When: June 9-12, 1936
Nominee: Kansas Gov. Alf Landon
History hasn’t been kind to Alf Landon.
When he’s remembered at all, Landon is known as the man foolish enough to challenge Franklin D. Roosevelt in the middle of the Great Depression. The Republican governor suffered a historic defeat in that general election, winning just two states. He even lost his home state of Kansas.
But Landon may be best known for winning a public opinion poll: the one conducted by the Literary Digest, which had correctly picked presidential winners for two decades before 1936. Days before the election, the magazine said Landon would crush Roosevelt at the polls.
He did not. The Digest’s spectacular failure changed the way public opinion is surveyed, but it may have also turned Landon into a semitragic footnote, the guy who won a flawed opinion survey but lost when voters actually cast ballots.
The truth, as always, is more complicated.
In 1936, Landon was a popular governor in a progressive Republican state, a populist enclave best exemplified by Emporia Gazette editor William Allen White. Landon had won re-election in Kansas when Republicans in other states had lost. He had managed the state’s economy well in difficult times.
And Roosevelt was more vulnerable in 1936 than history recalls. Most of the country’s newspapers worried about the New Deal, while business owners savagely attacked the federal government’s heavy involvement in the nation’s economy. A Gallup poll showed Roosevelt’s popularity slumping in the spring of that year.
There was reason to think Landon would have a chance against FDR.
Yet that judgment would not be tested before the June Republican convention in Cleveland. The move to presidential preference primaries was still in its infancy. Most convention delegates were still picked in state caucuses and conventions controlled by party activists.
Landon entered just two presidential primaries that year, winning them both. But he was the clear choice of the party’s elites and came to Cleveland the overwhelming favorite for the nomination.
There were wrinkles. Former president Herbert Hoover — the man in office when the Depression hit and the man most blamed for it — hinted at another candidacy and received a thunderous ovation when he spoke to the 17,000 in the hall. Sen. William Borah, an aging progressive Republican from Idaho, won five state primaries and would make a convention push for the party’s nod.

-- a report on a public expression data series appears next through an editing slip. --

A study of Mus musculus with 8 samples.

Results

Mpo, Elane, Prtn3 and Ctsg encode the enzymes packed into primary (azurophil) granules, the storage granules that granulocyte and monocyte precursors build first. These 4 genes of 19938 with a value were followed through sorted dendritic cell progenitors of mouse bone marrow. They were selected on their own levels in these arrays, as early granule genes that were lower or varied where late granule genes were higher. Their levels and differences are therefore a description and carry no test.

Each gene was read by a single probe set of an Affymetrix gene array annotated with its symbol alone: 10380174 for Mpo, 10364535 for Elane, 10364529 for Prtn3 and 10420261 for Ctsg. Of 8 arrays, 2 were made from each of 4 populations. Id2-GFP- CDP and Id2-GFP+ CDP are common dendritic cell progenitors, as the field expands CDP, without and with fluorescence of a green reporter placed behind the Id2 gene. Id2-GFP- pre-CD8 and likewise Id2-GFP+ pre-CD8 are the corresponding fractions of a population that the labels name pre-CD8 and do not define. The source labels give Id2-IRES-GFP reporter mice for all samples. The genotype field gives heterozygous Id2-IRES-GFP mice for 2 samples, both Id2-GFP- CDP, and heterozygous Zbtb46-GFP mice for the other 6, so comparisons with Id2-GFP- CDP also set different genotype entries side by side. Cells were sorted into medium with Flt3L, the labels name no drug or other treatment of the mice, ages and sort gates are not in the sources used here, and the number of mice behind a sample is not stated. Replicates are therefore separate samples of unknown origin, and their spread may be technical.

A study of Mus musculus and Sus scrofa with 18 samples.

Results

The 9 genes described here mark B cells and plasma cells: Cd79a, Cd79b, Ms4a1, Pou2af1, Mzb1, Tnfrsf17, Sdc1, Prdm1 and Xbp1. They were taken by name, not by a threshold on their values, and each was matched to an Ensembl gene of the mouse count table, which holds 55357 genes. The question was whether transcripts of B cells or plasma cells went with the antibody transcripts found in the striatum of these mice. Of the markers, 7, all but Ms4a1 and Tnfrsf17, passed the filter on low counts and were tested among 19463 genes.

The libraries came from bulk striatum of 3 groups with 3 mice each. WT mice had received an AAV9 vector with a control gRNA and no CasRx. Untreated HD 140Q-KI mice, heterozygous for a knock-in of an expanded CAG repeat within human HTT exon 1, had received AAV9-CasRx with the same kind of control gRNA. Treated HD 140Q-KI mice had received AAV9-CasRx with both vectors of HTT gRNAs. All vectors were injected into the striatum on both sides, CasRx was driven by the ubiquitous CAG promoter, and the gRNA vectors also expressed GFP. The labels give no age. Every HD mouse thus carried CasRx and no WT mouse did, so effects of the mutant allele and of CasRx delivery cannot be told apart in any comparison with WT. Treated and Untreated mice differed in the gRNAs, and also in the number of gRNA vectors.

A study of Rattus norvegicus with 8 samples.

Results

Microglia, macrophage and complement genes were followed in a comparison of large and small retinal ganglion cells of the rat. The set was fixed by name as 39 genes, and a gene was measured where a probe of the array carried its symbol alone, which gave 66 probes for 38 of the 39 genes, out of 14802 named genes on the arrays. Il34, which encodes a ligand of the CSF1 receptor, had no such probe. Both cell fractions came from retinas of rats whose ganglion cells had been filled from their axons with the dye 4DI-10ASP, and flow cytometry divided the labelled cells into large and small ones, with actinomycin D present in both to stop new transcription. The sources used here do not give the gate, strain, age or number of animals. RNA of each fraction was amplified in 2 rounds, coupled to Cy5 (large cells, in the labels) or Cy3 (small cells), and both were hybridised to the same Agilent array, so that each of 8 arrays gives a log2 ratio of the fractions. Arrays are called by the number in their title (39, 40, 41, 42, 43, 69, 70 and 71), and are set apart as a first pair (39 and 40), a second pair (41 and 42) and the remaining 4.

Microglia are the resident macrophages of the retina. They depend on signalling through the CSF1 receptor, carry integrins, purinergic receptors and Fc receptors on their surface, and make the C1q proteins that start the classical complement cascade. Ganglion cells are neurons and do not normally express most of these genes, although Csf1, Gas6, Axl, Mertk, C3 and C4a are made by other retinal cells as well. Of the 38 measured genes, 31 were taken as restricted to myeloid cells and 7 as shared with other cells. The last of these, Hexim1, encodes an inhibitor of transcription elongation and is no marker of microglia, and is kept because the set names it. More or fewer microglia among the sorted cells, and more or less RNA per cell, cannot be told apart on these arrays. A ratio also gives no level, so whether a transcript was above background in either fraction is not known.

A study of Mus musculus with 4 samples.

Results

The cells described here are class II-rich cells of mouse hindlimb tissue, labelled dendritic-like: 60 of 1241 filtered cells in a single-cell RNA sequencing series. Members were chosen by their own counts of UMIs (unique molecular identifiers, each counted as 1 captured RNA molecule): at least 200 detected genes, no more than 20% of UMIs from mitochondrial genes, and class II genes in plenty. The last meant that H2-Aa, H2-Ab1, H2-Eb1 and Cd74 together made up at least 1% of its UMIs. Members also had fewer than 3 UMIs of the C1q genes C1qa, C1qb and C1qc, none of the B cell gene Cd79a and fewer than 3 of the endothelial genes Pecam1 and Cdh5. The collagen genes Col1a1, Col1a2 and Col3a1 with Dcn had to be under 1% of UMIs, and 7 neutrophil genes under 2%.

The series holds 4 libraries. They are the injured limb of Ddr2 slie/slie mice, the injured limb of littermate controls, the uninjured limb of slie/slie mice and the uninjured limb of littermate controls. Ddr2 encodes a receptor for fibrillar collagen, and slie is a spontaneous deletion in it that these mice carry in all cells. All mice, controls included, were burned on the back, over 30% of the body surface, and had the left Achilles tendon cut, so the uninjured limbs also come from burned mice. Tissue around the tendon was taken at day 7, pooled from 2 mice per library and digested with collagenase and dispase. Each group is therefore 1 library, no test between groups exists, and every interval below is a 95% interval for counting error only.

Both candidacies faded quickly. Landon won on the first ballot, receiving more than 90 percent of the convention’s votes.
In his book “The Glory and the Dream,” historian William Manchester writes of the delegates breaking into song: “Alf Landon’s learned a thing or two, he knows the right solution / And in the White House he will stay within the Constitution.”
Oddly, though, Landon wasn’t in Cleveland for the vote. In fact, he never attended the convention at all, preferring to listen to the proceedings on the radio and communicating by telegram.
He accepted the nomination from the steps of the state Capitol in Topeka.
“We must be freed from excessive expenditures and crippling taxation,” he told the crowd. “We must be freed from the effects of an arbitrary and uncertain monetary policy. … Once these things are done, the energies of the American economic system will remedy the ravages of depression and restore full activity and full employment.”
Interestingly, Landon’s reluctance to attend the convention foreshadowed his hesitance about campaigning at all. He virtually disappeared after the convention, making his case largely through radio speeches, then a new concept in politics.
He bitterly attacked Social Security, calling the measure “unjust and stupidly drafted.” He suggested Roosevelt was a communist.
“He came across to the public as a colorless, bespectacled little man with a flat, raspy voice,” Manchester writes. “He read his speeches badly, and they were bad speeches.”
The Kansas City Journal-Post pulled no punches, blaming Republicans for Landon’s November defeat.
“Governor Landon called the Social Security tax a cruel hoax on the workers,” the paper wrote. “It was not half as cruel as the hoax perpetrated on the governor himself by the Cleveland convention when it nominated him for the presidency.”
But Landon’s loss wasn’t just the result of poor campaign technique.
What is clear in retrospect is that the 1936 Republican convention marked the effective end of the progressive movement in Republican politics, a movement defined by Theodore Roosevelt nearly four decades earlier.
African-American voters, who had cast ballots for Republicans since the end of the Civil War, began their slow movement to Franklin Roosevelt’s Democratic Party. At the same time, business interests and anti-labor activists coalesced around a more conservative GOP, a trend that continues to this day.
Landon remained active in Kansas politics and business for decades, helping his daughter Nancy win a Senate seat. He never ran for public office again.
He died at the age of 100 in 1987, shortly after the president came to see him in Topeka. The president was Ronald Reagan, a Republican, who had won re-election in a landslide in 1984.